It’s good news that Cambridge University Press has reversed its decision to censor academic articles in its journal China Quarterly at the behest of the Chinese government.

The university is no doubt right when it says that:

“Academic freedom is the overriding principle on which the University of Cambridge is based. Therefore, while this temporary decision was taken in order to protect short-term access in China to the vast majority of the Press’s journal articles, the university’s academic leadership and the Press have agreed to reinstate the blocked content, with immediate effect, so as to uphold the principle of academic freedom on which the university’s work is founded.” 

It’s a pity that this “overriding principle” didn’t seem to occur to them when they made the original decision, however, and pressure from academics, the press and the public had to be applied before they saw sense.

They certainly aren’t alone in making this mistake. Google indulged in a similar, if longer-lasting, error when it set up in China on the condition that it enforced the state’s censorship rules on its search terms – you could search for the massacre in Tiananmen Square or information about democratic, self-determining Taiwan if you wished, but you wouldn’t get any results after clicking the button. The company eventually withdrew from China, not because of this flagrant breach of its official motto, “Don’t be evil”, but because it discovered evidence that Chinese authorities were hacking the gmail accounts of dissidents.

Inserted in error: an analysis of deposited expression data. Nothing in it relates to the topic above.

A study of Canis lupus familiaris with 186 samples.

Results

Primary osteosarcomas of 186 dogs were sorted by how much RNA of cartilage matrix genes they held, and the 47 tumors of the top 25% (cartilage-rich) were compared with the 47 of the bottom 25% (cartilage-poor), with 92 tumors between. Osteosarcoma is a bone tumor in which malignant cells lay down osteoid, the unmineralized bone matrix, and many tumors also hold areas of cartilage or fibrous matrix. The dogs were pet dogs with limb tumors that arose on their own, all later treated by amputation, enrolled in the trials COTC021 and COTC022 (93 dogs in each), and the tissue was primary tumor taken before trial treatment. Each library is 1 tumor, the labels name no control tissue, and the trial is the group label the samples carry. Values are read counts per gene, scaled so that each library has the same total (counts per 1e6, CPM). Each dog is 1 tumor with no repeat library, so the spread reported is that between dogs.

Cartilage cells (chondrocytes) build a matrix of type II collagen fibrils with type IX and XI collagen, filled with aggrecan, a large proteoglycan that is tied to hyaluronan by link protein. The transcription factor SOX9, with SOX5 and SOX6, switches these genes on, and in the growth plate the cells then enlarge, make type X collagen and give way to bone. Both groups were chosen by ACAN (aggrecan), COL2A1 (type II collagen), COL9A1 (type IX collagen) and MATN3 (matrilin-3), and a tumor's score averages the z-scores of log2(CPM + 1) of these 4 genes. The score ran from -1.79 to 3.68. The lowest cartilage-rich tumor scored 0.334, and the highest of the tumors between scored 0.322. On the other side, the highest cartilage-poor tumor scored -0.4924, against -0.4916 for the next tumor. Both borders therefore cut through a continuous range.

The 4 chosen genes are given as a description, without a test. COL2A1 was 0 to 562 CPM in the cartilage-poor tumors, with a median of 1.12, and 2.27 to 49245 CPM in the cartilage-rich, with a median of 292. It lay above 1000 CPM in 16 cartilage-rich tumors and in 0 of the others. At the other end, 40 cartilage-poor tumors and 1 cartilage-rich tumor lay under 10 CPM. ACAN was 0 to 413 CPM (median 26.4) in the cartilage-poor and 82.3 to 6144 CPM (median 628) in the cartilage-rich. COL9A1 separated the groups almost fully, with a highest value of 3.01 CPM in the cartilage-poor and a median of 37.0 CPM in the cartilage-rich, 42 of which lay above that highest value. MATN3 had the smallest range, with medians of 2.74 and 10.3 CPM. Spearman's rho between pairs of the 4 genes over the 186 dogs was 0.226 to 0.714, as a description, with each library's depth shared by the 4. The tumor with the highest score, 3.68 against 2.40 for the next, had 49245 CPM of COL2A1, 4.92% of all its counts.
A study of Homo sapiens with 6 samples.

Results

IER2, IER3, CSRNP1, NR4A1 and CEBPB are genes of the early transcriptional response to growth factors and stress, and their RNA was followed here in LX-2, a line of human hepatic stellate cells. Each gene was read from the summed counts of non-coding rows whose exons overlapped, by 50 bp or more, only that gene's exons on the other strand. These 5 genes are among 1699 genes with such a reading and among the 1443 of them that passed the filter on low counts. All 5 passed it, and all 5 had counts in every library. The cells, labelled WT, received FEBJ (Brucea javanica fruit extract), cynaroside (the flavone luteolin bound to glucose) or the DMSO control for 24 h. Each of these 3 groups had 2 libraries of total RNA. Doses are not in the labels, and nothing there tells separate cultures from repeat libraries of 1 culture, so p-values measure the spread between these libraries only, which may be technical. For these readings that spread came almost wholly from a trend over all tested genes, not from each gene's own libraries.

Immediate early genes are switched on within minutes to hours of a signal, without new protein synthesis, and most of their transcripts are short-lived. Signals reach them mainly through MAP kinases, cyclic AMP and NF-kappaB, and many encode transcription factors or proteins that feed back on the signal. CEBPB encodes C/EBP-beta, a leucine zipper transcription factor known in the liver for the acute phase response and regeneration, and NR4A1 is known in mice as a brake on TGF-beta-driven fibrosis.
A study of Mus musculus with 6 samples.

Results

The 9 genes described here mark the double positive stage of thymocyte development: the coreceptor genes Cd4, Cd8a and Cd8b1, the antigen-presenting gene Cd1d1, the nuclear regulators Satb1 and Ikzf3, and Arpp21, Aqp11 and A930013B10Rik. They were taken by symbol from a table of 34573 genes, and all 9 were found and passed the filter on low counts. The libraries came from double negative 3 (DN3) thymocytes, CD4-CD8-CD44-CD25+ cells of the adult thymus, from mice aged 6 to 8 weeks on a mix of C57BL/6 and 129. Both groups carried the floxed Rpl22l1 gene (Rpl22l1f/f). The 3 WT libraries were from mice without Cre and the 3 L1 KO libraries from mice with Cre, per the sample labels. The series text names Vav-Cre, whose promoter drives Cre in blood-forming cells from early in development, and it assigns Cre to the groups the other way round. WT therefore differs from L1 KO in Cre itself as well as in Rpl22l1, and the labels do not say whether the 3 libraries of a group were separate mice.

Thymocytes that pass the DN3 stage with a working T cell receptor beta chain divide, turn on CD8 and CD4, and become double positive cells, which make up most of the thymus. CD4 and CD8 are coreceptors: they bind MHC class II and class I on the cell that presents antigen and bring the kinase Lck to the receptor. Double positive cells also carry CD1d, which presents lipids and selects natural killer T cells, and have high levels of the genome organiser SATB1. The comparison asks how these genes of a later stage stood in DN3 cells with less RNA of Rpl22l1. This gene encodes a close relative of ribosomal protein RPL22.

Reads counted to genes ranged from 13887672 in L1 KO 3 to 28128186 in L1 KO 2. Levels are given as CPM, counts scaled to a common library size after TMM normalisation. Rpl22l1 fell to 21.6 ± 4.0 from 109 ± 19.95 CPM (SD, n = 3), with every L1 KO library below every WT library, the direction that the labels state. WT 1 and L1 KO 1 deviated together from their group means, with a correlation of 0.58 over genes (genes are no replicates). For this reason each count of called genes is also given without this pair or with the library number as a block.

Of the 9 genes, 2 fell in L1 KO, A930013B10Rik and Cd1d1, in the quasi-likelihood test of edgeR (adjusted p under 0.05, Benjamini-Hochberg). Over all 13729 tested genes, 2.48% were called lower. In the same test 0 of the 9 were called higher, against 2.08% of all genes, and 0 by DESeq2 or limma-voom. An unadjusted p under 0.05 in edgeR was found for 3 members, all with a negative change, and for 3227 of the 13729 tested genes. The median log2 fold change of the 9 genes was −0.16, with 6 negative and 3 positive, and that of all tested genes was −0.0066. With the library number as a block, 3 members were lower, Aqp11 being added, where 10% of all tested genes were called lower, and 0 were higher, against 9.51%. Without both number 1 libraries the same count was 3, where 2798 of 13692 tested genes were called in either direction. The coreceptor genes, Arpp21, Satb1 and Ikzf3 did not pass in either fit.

This invites the question: if one of the world’s most prestigious universities and one of the world’s biggest companies are sufficiently cowed that they don’t seem to see any problem in agreeing to play a part in a dictatorship’s regime of censorship and human rights abuses, how many other, smaller players are there out there which are doing the same?

If educational institutions and businesses are willing not just to disregard the nature of China’s government but to agree to be complicit in its regime’s censorship, trading “overriding principles” for money, the same pressure applies to the British state.

The realities of the global economy are undeniable – China is a huge market, and ministers would be foolhardy and self-harming simply to ignore it – but there must be a limit to how low we are willing to bow to the Party bosses in Beijing. Buying and selling goods and services is one thing, but the British government must not allow trade to extend to an exchange of morals. We must neither become a supplier of the tools of repression (as we have wrongly done for Saudi Arabia), nor become a consumer of Chinese snooping and espionage. In terms of the latter, every care must be taken that the Chinese state does not have even the slightest backdoor into our telecoms system or lever of control over our energy infrastructure. It is notably keen to fund and build elements of both.